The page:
The owner of our featured Countach LP5000S, like most of us, grew up with a bright-red poster on his bedroom wall portraying this spectacularlooking car. And, as the decades ticked by from the time that poster was pinned to his wall, the Countach earned its place at the pinnacle of the supercar pantheon as one of the most striking vehicles ever built — whether in its purest form, as penned by Marcello Gandini, or, as in the later versions, covered with a myriad of air intakes, scoops, and wings.
Gazing longingly at the bright-red raging bull on that poster sparked a lifelong passion for Italian cars in the young teenager’s heart, and, though a Countach didn’t feature on his early shopping list, a succession of Alfa Romeos kept his love of sporting Italian machinery to the fore. His first Alfa — a Spider — was acquired when he was just 18 years old, and his undying passion for Italian cars — especially those wearing the charging-bull badge, a logo representing Taurus, the zodiac sign of the company’s founder Ferruccio Lamborghini — was further enhanced when, in 1989, he visited the Lamborghini factory in Sant’agata Bolognese, Italy. There, with eyes wide open, he witnessed the last of the Countachs rolling off the assembly line.
Pursuit of a dream
Fast forward to 2009, and, with his successful business ticking away quite nicely, it was time to pursue that childhood dream of owning a Countach before he was too old to enjoy it — and so the quest began.
The search was very specific, and the ideal choice quickly focused on one of the twovalves-per-cylinder Countachs, despite the fact that the four-valve (Quattrovalvole, or QV) models are considered more desirable because they are more powerful. The reason for this decision was based purely on the fact that the earlier V12 was rarer due to its much lower production numbers.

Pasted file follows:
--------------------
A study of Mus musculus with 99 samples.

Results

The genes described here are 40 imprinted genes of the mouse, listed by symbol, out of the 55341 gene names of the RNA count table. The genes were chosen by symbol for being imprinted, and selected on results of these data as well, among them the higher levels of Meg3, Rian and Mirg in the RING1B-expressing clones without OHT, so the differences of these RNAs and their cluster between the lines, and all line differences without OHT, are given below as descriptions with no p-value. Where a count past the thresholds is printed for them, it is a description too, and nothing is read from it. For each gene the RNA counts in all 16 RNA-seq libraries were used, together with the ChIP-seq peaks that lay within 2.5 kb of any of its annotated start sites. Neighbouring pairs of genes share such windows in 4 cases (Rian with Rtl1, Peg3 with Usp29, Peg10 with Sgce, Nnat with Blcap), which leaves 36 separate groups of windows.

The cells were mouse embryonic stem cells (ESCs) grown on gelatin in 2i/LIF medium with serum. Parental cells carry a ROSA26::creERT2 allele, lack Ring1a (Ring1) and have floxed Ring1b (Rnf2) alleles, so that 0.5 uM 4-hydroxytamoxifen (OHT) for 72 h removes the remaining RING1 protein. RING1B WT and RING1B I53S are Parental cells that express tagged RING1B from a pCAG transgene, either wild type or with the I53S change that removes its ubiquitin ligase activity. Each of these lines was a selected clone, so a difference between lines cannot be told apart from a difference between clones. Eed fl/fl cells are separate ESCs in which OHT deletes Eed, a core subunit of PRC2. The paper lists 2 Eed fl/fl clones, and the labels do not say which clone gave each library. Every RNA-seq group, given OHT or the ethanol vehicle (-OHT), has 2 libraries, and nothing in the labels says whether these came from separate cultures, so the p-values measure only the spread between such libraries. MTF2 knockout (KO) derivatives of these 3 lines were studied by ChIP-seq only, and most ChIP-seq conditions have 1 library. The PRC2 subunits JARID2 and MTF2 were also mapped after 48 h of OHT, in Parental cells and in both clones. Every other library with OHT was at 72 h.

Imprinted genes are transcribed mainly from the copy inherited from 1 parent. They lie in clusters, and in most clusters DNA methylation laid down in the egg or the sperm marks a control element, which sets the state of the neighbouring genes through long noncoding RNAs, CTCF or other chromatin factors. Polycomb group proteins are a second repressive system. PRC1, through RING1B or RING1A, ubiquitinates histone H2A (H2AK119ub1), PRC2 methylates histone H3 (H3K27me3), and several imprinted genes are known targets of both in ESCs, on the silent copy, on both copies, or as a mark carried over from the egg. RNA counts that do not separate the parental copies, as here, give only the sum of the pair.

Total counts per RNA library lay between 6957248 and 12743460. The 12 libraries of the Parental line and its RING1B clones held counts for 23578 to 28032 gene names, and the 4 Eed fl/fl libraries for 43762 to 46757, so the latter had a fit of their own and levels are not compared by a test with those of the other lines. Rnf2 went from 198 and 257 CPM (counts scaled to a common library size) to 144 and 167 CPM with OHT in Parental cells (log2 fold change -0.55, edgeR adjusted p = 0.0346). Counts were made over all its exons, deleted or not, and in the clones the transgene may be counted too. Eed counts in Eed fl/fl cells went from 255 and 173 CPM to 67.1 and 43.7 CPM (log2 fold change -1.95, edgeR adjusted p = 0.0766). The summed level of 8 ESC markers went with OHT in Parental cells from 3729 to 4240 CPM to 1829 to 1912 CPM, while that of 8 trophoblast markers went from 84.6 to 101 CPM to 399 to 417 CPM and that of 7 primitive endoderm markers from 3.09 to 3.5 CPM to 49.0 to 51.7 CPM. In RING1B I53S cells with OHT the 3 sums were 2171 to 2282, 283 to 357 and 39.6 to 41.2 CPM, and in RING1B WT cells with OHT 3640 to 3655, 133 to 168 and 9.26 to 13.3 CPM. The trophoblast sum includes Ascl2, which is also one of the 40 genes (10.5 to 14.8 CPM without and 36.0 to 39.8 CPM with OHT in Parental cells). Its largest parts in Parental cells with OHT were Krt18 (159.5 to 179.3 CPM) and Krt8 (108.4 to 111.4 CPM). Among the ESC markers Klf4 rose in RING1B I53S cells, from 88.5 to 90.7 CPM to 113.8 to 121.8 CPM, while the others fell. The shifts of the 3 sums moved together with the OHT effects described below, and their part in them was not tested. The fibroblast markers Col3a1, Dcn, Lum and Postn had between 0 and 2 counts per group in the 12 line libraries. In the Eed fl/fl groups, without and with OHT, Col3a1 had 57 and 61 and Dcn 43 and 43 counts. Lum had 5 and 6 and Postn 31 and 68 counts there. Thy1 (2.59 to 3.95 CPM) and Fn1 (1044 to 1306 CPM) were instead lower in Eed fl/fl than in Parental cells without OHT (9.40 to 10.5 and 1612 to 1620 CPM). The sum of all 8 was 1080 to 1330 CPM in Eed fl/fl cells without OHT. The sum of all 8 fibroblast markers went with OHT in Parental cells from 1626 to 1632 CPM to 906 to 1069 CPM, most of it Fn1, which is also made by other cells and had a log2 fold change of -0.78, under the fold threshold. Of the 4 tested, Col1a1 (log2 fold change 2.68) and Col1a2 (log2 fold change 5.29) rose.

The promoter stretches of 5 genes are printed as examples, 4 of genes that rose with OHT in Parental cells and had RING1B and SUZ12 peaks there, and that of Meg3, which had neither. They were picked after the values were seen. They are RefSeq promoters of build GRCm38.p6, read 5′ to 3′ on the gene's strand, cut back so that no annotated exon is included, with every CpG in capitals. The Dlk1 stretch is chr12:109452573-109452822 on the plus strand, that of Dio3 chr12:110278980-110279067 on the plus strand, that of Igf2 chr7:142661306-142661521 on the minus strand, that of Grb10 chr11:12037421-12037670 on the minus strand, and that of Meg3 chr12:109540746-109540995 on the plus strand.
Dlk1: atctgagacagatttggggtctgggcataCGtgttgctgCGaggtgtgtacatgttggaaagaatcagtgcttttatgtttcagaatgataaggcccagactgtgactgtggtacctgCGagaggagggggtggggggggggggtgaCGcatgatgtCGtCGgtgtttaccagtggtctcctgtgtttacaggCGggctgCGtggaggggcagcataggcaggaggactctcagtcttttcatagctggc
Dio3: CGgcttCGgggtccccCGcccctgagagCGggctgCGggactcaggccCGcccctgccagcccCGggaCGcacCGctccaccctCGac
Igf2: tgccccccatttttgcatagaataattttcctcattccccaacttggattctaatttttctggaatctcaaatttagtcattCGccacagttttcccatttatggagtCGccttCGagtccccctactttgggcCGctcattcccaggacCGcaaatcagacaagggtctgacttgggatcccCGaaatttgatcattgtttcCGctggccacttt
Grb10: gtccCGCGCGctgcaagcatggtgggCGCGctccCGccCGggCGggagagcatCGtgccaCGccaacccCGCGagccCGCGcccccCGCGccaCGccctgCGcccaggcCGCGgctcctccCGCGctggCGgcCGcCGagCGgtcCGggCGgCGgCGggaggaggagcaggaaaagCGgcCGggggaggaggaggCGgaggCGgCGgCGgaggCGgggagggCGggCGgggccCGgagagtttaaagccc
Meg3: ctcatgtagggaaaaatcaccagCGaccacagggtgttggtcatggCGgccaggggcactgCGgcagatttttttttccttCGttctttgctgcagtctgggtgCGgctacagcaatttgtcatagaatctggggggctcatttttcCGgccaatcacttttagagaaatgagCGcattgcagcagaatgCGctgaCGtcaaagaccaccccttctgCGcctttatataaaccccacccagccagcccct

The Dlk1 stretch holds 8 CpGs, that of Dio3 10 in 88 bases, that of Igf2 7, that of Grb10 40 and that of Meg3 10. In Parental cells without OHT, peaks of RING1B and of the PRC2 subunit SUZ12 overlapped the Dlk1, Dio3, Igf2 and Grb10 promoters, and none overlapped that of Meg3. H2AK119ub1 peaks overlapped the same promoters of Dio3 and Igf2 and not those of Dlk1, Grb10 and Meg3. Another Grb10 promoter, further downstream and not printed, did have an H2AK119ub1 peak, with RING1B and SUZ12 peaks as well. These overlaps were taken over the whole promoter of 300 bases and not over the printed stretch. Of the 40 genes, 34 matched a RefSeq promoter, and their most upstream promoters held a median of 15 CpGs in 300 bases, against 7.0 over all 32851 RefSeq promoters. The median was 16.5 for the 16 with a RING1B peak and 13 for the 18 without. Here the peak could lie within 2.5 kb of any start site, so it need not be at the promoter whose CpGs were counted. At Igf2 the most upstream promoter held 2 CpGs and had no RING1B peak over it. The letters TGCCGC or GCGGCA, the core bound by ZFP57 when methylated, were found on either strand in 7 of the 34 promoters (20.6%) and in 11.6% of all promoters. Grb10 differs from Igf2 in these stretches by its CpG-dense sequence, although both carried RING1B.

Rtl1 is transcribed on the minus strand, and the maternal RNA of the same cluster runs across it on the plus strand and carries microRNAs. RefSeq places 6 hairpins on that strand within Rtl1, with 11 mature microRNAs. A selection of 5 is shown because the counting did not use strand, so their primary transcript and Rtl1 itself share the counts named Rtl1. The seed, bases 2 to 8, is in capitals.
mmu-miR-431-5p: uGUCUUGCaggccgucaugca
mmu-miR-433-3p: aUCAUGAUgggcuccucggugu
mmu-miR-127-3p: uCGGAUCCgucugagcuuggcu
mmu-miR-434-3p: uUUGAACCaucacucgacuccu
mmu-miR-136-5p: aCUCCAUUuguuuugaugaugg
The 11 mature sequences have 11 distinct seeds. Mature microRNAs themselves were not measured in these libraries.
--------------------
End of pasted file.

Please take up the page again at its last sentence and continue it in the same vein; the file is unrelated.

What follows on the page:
The primary search began on the internet, and a selection of cars from around the world was considered for suitability, with a final shortlist of five being identified. Four of these were located in the US — one each in San Diego, Connecticut, Florida, and Seattle — while the fifth car was resident in Spain (not all of which actually fitted his criteria). Sensibly, a decision was made to travel to the US and inspect the four cars located there, leaving the Spanish car out of the equation — unless, of course, he felt the need to look at it should all else fail.
While inspecting the West Coast–based cars, he test drove a pristine low-mileage example in San Diego. After setting out on a lengthy test drive along a perfect winding canyon road — four lanes wide with absolutely no traffic — he was able to stretch the long legs of the Countach’s 4.75-litre longitudinal-mounted V12, discovering how stable, smooth, and compliant the Lamborghini felt at relatively high speeds. It was his first drive in a car he’d been dreaming about since his teenage years, and, although sometimes reality just can’t measure up to our dreams, in this case, it was love at first drive. Without further ado, a deal was done.
This car had the added advantage of being the easiest, logistically, to ship back to New Zealand, and, just to make everything a little bit more special, the LP5000S that was soon being prepared for the trip was the very last two-valve-per-cylinder Lamborghini Countach to have rolled off the production line, so it definitely ticked all the boxes.
The Countach arrived in the country in late 2009 and breezed through the compliance process without any issues.
Since acquiring the car, the current owner has encountered no issues to speak of, except for — as with most low-mileage cars — a propensity for pesky oil leaks. However, due to a stringent maintenance regime, performed by the owner himself, the Countach is kept in perfect running condition at all times.
The owner — who prefers not to be named — would like to thank the Lamborghini Register in New Zealand (nz/ email@example.com) for its assistance and the enjoyment provided by the occasional club-organized outing with like-minded Lamborghini enthusiasts. A whole posse of Lamborghinis — what a sight that must be!